Monday, July 13, 2015

In The Footsteps Of William S. Baring-Gould

When I first got interested in the Sherlockian community, nearly 20 years ago now, I had only The Annotated Sherlock Holmes by William S. Baring-Gould to feed my new obsession. The awe with which I looked upon this publication has never faded with me. It is still my go-to for info and ideas. At the time I was sure there wasn't anything I could find that would top it. It was annotated, illustrated, and chronological. Basically perfect.

I saw in some of those annotations that other people were interested in the little dating problems. Later I learned of newsletters and pamphlets. Then, somewhere along the way I picked up a small first edition of another chronology book. I don't recall where and when I found it, but I do remember being very excited by that light sage green trade paperback. My interest grew.

I Remember The Date Very Well is a 1993 book by eminent Holmesian John Hall. It seems to have been put together rather quickly. Most of the paragraphs are indented, while a few are not. (Others have an altogether different indentation.) It's only 78 pages long, doesn't have an introduction, and Page 1 is where the action begins. Mr. Hall finds himself facing the same frustrations every other chronologist does, often finding himself struggling with interpretation. Does the term "week" really mean a seven day week, or does it mean "around" a week? Does "all day" actually mean "most" of the day? He uses phrases like "most likely" and "very vague" at times, and finds himself in disagreement more often than not with others.

He does add a built-in escape route for all of his indecisiveness, however. "Some Sherlockian scholars persist in taking everything Watson says quite literally, forgetting that he was not giving a verbatim account - something he was not necessarily always in a position to do anyway - but telling a story for the amusement of the general reader."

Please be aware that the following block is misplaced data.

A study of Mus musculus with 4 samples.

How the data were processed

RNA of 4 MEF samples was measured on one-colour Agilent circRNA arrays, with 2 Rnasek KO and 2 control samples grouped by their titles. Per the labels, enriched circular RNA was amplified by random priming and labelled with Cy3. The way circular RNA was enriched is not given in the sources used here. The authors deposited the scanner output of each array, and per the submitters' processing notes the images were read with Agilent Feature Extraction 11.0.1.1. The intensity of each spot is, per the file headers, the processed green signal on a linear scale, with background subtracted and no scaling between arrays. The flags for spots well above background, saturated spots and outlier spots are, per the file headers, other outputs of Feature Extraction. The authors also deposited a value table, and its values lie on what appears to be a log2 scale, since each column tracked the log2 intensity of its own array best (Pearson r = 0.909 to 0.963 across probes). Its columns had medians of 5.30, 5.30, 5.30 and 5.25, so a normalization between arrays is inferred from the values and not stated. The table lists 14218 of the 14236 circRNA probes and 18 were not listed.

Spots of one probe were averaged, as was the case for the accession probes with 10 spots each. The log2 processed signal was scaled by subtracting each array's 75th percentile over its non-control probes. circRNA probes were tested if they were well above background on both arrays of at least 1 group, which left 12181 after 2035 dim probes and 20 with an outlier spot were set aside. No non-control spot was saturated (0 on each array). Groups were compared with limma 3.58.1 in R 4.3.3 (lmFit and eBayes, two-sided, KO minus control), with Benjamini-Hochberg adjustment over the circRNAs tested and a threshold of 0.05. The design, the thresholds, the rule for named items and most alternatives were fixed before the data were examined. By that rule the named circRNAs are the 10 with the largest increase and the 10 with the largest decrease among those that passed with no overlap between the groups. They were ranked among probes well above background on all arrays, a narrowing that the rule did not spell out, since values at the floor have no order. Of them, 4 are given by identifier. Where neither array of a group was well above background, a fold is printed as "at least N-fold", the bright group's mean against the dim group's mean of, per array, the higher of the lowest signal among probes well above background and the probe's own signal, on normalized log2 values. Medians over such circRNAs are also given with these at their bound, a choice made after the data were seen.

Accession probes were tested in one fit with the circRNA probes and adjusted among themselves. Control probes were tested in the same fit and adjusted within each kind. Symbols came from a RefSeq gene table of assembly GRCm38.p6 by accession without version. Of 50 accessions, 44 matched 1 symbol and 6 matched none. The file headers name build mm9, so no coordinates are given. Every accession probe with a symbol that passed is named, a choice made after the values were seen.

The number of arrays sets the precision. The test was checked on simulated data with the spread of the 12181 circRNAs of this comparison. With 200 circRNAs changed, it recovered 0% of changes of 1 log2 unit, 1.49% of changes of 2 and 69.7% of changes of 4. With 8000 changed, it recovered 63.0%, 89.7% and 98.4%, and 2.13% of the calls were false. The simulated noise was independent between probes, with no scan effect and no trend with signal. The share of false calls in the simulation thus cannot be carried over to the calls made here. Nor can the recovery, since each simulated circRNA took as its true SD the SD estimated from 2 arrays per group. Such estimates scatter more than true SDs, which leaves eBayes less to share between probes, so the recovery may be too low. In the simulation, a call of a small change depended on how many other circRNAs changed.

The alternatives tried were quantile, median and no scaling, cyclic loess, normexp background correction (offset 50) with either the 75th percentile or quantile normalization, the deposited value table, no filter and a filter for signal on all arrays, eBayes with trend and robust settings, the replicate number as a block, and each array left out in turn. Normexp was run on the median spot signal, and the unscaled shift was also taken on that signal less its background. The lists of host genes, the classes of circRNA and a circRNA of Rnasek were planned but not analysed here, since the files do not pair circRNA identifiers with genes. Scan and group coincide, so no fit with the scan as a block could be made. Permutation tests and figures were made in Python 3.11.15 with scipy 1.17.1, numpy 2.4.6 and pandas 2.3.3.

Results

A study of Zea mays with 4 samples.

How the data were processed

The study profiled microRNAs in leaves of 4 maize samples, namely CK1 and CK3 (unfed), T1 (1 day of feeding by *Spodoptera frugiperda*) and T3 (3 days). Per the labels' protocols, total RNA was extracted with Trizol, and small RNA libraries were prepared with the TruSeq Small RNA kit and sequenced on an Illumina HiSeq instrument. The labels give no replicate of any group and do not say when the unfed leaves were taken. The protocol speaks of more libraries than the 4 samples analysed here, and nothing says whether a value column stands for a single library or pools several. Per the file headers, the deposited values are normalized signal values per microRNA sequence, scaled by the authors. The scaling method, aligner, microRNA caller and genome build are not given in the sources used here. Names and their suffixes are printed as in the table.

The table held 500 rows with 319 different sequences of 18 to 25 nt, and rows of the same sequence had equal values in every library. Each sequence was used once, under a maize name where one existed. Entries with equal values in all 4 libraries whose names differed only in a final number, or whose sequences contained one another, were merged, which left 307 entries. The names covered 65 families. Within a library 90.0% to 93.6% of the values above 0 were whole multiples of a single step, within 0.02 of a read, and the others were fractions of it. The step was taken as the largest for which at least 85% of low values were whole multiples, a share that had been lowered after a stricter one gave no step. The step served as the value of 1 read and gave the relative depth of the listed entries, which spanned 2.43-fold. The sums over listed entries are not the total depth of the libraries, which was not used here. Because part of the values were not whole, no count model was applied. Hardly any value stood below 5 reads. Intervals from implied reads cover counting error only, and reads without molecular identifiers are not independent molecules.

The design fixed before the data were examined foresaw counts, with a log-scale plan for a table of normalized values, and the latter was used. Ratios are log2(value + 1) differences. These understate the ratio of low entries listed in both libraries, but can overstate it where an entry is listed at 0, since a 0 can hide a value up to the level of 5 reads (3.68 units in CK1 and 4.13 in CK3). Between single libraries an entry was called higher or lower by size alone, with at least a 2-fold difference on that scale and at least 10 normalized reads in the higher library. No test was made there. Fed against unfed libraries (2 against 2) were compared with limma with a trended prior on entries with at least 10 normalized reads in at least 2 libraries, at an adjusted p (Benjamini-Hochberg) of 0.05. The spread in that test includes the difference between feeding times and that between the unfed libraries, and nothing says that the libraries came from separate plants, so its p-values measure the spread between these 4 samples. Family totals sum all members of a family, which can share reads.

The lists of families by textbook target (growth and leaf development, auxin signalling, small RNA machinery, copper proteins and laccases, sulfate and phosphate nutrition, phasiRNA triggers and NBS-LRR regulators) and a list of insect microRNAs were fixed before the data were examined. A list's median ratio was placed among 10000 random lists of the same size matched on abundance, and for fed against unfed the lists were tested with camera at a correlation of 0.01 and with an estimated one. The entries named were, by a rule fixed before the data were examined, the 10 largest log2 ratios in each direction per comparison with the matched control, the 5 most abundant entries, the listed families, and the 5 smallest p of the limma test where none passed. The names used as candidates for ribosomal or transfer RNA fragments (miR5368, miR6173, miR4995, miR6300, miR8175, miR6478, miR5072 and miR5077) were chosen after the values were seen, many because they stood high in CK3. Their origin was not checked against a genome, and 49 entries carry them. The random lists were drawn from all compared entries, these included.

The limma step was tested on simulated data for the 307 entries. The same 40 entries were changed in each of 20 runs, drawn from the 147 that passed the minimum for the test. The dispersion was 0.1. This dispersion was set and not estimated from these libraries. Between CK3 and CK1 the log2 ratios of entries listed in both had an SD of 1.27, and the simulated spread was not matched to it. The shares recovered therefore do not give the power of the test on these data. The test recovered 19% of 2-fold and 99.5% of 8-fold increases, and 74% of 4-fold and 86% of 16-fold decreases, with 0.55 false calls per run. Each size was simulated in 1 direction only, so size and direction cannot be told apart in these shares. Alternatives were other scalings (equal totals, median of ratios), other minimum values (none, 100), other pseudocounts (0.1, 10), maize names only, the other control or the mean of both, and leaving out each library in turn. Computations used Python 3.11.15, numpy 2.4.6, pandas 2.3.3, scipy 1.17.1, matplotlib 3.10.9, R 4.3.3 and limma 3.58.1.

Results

So, how does he compare? I was shocked to find that Hall only agreed with Baring-Gould 13% of the time. Eight times they completely agree, but to be fair there are some stories where they come very close to agreeing and get to within the same week(s). They do this 13 times. Seven more times they get to within a month or two of each other, but the rest of the time they rarely land in the same year. In fact, with one story (SHOS) they are 14 years apart.

To show how they differ using the same evidence, here are Hall's paragraphs on SHOS.
"SHOS is a horse of a different colour. Baring-Gould dates it as 1902, but I am not happy with that at all. According to Baring-Gould, SHOS is a late case for three main reasons. Holmes uses a microscope in it, and he never did so before; Merivale, the policeman, appears in no other case, which he would do if SHOS were at the beginning of Holmes' career; and finally, there is a page boy at 221b, who must belong to the later, more prosperous years, of Holmes' stay there."

Hall then goes on to lay out his case for each of these points. He believes Watson's lack of mention of a microscope before doesn't mean Holmes didn't use one. He also points out that Merivale wasn't the only policeman who was only mentioned once - that there were at least four more. And finally he reminds us that "a boy in buttons" is found in IDEN (which most place in the late 1880's) and therefore that clue means nothing. (The rest of Hall's explanation is a page and a half long, and relies pretty heavily on SILV, HOUN, SIGN, and Watson's pension fund. Ultimately he lands on the end of May 1888.)

Stories they agree on:

Stories where they get close to agreeing:

Stories where they are within the same few months:

When it comes to the variances in findings, the way the two men get there is very different in some ways, but the same in others. Hall uses a minimalist approach and only uses how the cases themselves work for and against each other. Baring-Gould uses outside information. Hall rarely uses other factors - weather, street names, important dates - to prove his findings. Baring-Gould uses all of those and more, but still prefers to use his weather reports to finalize. Both use Watson's marriages, but as you can see by the differences in their dating, they do not often agree.

Once I was aware that people could come to such varied conclusions I started looking for more titles. More opinions. More data. Eventually I would go on to find about 20 chronologies, and to my delight and chagrin found that there is little agreement at all. In future posts we will examine more of those.